Jack Draper and Jacob Fearnley win as British tennis looks to the future

Jack Draper paid homage to Andy Murray with a five-set battle under the Centre Court roof while debutant Jacob Fearnley set up a second-round clash against Novak Djokovic.

Rarely can a passing-the-torch moment have been so glaring as when Murray’s withdrawal saw new British number one Draper promoted to the main stage for his match against qualifier Elias Ymer.

It looked a kind draw for the 22-year-old, the most exciting talent in British men’s tennis since Murray, but he was pushed all the way by Swede Ymer before finally winning 3-6 6-3 6-3 4-6 6-3.

Jack Draper celebrates his victory
Jack Draper celebrates his victory (Mike Egerton/PA)

Wimbledon fans have become all too used to such rollercoasters in nearly 20 years watching Murray, and Draper said with a smile: “You probably wanted to see Andy out here but you were stuck with me instead.

“What an honour. I wouldn’t be here without Andy. What a competitor, what a champion, and thank you very much.”

Draper next faces his immediate predecessor as British number one, Cameron Norrie, who has been struggling badly for form but saw off Argentina’s Facundo Diaz Acosta 7-5 7-5 6-3.

Fearnley was helping his college team to the national title in the United States a month ago but a whirlwind few weeks has seen him burst into the top 300 in the rankings and earn his first victory at Wimbledon.

The 22-year-old Scot won the Challenger title in Nottingham as a qualifier last month to earn a wild card into the main draw here, and an epic third-set tie-break saw him beat Alejandro Moro Canas 7-5 6-4 7-6 (12).

Jacob Fearnley celebrates winning a point by pumping his fist
Jacob Fearnley set up a second-round meeting with Novak Djokovic (Jordan Pettitt/PA)

Fearnley could well find himself on Centre Court next for his encounter with seven-time champion Djokovic.

“It’s a bit crazy, for sure,” said Fearnley. “Obviously it’s come very unexpectedly. I’d be lying if I said I wasn’t watching the scores on Centre Court. It was getting in my head a little bit that I was going to have to play him.

“It’s going to be a little bit intimidating, but it’s a match that I’m super excited for. It’s the biggest match of my career so far. Just to be able to share the court with a player like that will be really special.”

There will also be an all-British second-round meeting in the women’s draw, where Katie Boulter will take on Harriet Dart.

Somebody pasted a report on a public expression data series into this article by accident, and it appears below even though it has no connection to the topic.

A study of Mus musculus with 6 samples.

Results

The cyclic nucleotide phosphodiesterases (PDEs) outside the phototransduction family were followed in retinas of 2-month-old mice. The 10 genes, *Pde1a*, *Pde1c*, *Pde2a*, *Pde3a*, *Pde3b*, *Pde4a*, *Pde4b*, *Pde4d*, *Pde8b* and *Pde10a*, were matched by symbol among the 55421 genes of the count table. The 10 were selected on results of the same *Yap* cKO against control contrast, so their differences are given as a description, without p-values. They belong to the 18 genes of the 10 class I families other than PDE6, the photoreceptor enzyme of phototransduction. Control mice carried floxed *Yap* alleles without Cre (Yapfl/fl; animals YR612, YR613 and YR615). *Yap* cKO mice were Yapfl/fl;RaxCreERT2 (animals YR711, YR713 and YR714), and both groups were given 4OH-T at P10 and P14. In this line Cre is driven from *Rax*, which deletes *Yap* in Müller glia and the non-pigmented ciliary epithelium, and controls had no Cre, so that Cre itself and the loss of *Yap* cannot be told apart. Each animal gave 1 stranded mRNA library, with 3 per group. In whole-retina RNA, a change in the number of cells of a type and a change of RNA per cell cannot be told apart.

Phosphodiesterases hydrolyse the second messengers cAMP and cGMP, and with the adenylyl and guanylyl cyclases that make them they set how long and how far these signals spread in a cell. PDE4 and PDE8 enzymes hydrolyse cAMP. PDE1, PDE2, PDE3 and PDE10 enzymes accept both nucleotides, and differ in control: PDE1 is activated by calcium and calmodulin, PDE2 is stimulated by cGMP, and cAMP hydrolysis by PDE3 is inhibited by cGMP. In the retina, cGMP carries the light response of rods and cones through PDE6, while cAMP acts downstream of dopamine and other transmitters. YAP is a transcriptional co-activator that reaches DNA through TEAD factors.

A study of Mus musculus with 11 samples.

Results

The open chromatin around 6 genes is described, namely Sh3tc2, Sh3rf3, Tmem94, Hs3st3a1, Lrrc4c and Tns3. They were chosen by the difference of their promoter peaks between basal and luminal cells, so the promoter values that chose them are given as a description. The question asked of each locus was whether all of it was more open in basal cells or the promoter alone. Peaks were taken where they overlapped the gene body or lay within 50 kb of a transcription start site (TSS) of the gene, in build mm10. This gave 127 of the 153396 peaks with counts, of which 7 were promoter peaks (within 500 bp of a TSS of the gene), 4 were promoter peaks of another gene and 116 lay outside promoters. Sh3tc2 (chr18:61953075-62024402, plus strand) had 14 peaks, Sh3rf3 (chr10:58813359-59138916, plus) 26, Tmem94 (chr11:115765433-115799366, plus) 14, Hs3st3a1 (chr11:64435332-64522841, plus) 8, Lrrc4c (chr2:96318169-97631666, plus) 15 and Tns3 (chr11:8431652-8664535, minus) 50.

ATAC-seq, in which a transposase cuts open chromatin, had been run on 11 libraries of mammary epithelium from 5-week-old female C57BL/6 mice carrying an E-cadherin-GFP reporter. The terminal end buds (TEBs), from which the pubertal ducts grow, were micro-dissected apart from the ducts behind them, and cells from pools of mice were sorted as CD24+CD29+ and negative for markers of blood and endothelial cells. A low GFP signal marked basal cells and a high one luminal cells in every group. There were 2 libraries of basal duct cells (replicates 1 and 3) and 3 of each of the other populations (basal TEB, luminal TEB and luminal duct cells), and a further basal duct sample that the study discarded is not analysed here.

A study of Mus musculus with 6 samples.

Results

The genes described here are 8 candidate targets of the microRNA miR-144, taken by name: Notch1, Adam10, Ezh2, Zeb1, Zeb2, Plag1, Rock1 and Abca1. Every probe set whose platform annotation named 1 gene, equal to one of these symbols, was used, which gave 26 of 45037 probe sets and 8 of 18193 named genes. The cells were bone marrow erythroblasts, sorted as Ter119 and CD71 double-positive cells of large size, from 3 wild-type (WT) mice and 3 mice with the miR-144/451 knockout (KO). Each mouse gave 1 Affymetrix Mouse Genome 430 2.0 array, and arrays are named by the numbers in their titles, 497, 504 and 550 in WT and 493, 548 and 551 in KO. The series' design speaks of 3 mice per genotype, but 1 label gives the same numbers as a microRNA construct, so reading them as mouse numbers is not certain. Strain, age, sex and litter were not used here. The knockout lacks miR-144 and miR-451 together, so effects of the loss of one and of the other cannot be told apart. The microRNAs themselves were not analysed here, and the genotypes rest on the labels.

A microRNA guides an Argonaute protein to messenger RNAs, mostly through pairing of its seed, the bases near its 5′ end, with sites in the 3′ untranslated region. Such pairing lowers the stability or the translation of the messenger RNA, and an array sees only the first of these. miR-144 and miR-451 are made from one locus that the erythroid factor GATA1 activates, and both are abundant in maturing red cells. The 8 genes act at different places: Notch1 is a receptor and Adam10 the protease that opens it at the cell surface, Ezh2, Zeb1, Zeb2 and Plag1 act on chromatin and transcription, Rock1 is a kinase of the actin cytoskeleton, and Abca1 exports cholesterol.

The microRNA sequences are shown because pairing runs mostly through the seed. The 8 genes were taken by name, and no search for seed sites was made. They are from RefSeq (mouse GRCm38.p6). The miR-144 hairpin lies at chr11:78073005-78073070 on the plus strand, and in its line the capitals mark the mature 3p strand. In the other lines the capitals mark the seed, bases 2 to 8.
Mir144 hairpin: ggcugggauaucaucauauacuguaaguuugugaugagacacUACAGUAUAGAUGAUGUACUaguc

British number one Boulter, who has made the third round the last two years, had a real battle with former semi-finalist Tatjana Maria before coming through 7-6 (6) 7-5.

Katie Boulter makes a heart shape with her hands
Katie Boulter overcame a tricky first-round match (Zac Goodwin/PA)

Boulter holds a 6-1 lead over Dart, who eased to a 6-4 6-0 win against Bai Zhuoxuan, including a three-hour victory in Nottingham last month.

“Playing a Brit in the UK on the grass is never an easy draw and I’m expecting an absolute battle,” said Boulter. “I think we both know each other’s games inside-out, back-to-front at this point.”

Five British victories in the first round of the women’s singles is the most here since 1987, but Fran Jones was unable to join them, the 23-year-old afflicted by cramp in a 3-6 6-1 6-2 loss to Croatia’s Petra Martic.

In the men’s draw, there were agonising five-set losses for Paul Jubb and Jan Choinski.

Paul Jubb looks dejected
Paul Jubb had a match point in his defeat (John Walton/PA)

Jubb led Thiago Seyboth Wild by two sets and a break and had a match point in the third-set tie-break but the Brazilian turned things around to win 1-6 3-6 7-6 (6) 6-4 7-5.

Choinski, meanwhile, was two-sets-to-one up on Luciano Darderi but fell to a 7-5 4-6 2-6 7-5 6-2 defeat.

Last year’s junior champion Henry Searle acquitted himself well in a 3-6 6-3 6-4 6-4 loss to American Marcos Giron, while Billy Harris’ breakthrough grass-court season ended with a 6-4 6-4 3-6 6-3 defeat by Spain’s Jaume Munar.

Dan Evans inspects the bottom of his trainer
Dan Evans will return on Wednesday (Zac Goodwin/PA)

Dan Evans’ clash with Alejandro Tabilo was suspended for bad light with the British player trailing 6-2 3-3.

Evans, who was a doubt for Wimbledon after injuring his knee in a fall at Queen’s Club, was unhappy with the dewy conditions, telling the supervisor: “You don’t care about the players,” before play was eventually called off.

Emma Raducanu takes to Court One on Wednesday for her second-round match against Elise Mertens, while Sonay Kartal and Yuriko Miyazaki will also be looking to reach the last 32.